How to Financially Survive a Gray Divorce in Charlotte

Gray divorces that involve people age 50 or older are becoming more prevalent than ever. There are a growing number of people who are getting a divorce later in life. Some have been married for 30, 40, or even 50 years when they decide to get divorced.

Those who go through a gray divorce in Charlotte undergo a significant amount of financial and emotional stress. Untangling decades of marriage and accumulated assets can be incredibly challenging. Understanding the process of gray divorce and how to cope with it can help you survive the process. If you are considering a gray divorce, our law firm can help. Contact Arnold & Smith, PLLC as soon as possible to schedule your initial consultation.

Understand How Divorce Will Impact Your Retirement Savings

Going through a divorce at any age can have a negative impact on your savings account. Going through a gray divorce as an older individual can become even more difficult because the divorcing spouses are either in retirement or preparing to begin retirement. The Government Accountability Office recently conducted a study that showed that divorce results in a 41% reduction in household income for women and a 23% reduction for men. This is reduction can be felt even more in a gray household where the spouses may be living on a fixed retirement income.

Additionally, older married couples have more assets overall than unmarried couples. If you are intentional about what you do during and after your divorce, you can help yourself avoid financial devastation after the divorce. What happens when a couple has lopsided savings? For example, when one spouse worked full-time and the other spouse stayed at home. In that scenario, the couple’s retirement savings might consist mostly or all of one spouse’s 401(k).

As you negotiate your division of property, including your retirement savings, it is important to remember that all your retirement accounts are not equal. You and your lawyer should address the tax implications of dividing your different types of retirement accounts. For example, if you have a $100,000 401(k) and a $100,000 Roth IRA, the Roth IRA will be significantly more valuable because you will not need to pay income tax on the money you withdraw from it.

Make sure you do not settle for any agreements with your spouse without discussing it with your attorney. You might think that an agreement benefits you, but you could find out later that it actually does not. Your lawyer can help guide you during the process.

Consider Whether You Will Need to Re-enter the Workforce

What happens when one or both spouses are retired? Or, what happens when one spouse has been staying at home to raise children during the marriage? Your lawyer can help you advocate for receiving a fair amount of income after the divorce. Just because you did not work as much or at all during most of the marriage does not mean you are not entitled to enough of the assets to live a comfortable life.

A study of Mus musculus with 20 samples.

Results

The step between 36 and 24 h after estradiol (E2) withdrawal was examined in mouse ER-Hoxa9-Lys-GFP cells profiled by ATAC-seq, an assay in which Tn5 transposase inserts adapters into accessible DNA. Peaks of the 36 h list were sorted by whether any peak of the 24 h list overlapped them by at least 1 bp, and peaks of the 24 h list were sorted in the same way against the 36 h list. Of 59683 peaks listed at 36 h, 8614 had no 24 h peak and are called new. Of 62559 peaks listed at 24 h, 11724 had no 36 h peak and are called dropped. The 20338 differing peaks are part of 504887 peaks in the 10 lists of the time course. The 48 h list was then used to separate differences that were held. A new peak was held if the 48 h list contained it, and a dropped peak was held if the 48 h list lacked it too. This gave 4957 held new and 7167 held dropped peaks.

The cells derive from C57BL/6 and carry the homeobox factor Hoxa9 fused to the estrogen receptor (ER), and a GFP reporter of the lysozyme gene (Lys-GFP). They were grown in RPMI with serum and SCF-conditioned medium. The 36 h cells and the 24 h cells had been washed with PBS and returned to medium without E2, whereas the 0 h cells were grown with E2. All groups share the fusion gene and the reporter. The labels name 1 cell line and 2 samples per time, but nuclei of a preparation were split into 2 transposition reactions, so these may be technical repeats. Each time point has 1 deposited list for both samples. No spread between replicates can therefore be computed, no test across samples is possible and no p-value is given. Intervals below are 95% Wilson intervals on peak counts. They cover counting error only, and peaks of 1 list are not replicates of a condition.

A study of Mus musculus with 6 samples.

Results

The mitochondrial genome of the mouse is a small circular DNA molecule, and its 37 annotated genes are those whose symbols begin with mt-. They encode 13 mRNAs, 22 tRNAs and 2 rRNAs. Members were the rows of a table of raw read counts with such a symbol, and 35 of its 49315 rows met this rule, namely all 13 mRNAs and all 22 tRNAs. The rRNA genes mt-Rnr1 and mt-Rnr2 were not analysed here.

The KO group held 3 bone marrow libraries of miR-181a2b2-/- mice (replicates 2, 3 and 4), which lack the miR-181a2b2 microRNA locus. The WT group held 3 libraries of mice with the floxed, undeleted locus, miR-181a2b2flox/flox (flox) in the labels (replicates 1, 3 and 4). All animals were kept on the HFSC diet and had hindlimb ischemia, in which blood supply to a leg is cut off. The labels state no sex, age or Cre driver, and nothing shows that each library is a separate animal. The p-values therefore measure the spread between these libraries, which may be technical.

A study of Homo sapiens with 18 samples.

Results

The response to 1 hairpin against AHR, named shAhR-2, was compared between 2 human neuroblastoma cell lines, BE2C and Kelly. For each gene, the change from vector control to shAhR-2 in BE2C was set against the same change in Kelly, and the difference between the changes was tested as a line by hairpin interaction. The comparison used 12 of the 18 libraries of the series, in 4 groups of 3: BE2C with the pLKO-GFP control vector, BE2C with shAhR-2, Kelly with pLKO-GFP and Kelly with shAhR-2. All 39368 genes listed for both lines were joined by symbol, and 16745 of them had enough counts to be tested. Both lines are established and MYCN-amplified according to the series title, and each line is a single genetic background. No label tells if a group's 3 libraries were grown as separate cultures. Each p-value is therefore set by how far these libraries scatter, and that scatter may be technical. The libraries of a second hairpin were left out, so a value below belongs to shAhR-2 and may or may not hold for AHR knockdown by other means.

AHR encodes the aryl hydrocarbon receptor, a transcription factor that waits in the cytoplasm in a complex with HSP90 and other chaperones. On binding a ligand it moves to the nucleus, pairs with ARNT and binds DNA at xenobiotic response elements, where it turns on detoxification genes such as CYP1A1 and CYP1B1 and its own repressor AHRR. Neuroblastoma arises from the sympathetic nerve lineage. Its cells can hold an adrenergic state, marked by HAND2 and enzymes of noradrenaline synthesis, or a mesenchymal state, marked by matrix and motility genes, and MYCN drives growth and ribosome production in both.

If you and your spouse do not have significant assets, you may need to consider if you need to get a job. Or, if you were dependent on your spouse’s health insurance, you may need to seek employment with health insurance. Your lawyer can help you navigate how your future might look after the gray divorce.

Consider Healthcare Power of Attorney and Beneficiary Designations

Many spouses who have been married for a long time have named each other as their healthcare proxies should they become incapacitated. If you named your soon-to-be ex-spouse as your health care power of attorney, you will likely need to create a new document and name another person. You may also want to change the named beneficiary on any other accounts that you keep after the divorce happens. Take some time to think about your estate planning to be sure that it reflects your current financial situation and goals after your divorce.

Consider Where You Will You Live After the Divorce

After being married for a long period of time, it can be difficult to imagine your life without your spouse. Take some time to consider whether you will stay in your house, or whether you want to sell the family home and split up the proceeds between yourself and your soon-to-be ex-spouse. Consider what your finances will look like after your divorce has become finalized and plan accordingly so you will not run out of time to find a place to live after your divorce.

Contact a North Carolina Divorce Attorney Today

If you are considering a gray divorce, our law firm can help. Contact Arnold & Smith, PLLC as soon as possible to schedule your initial consultation.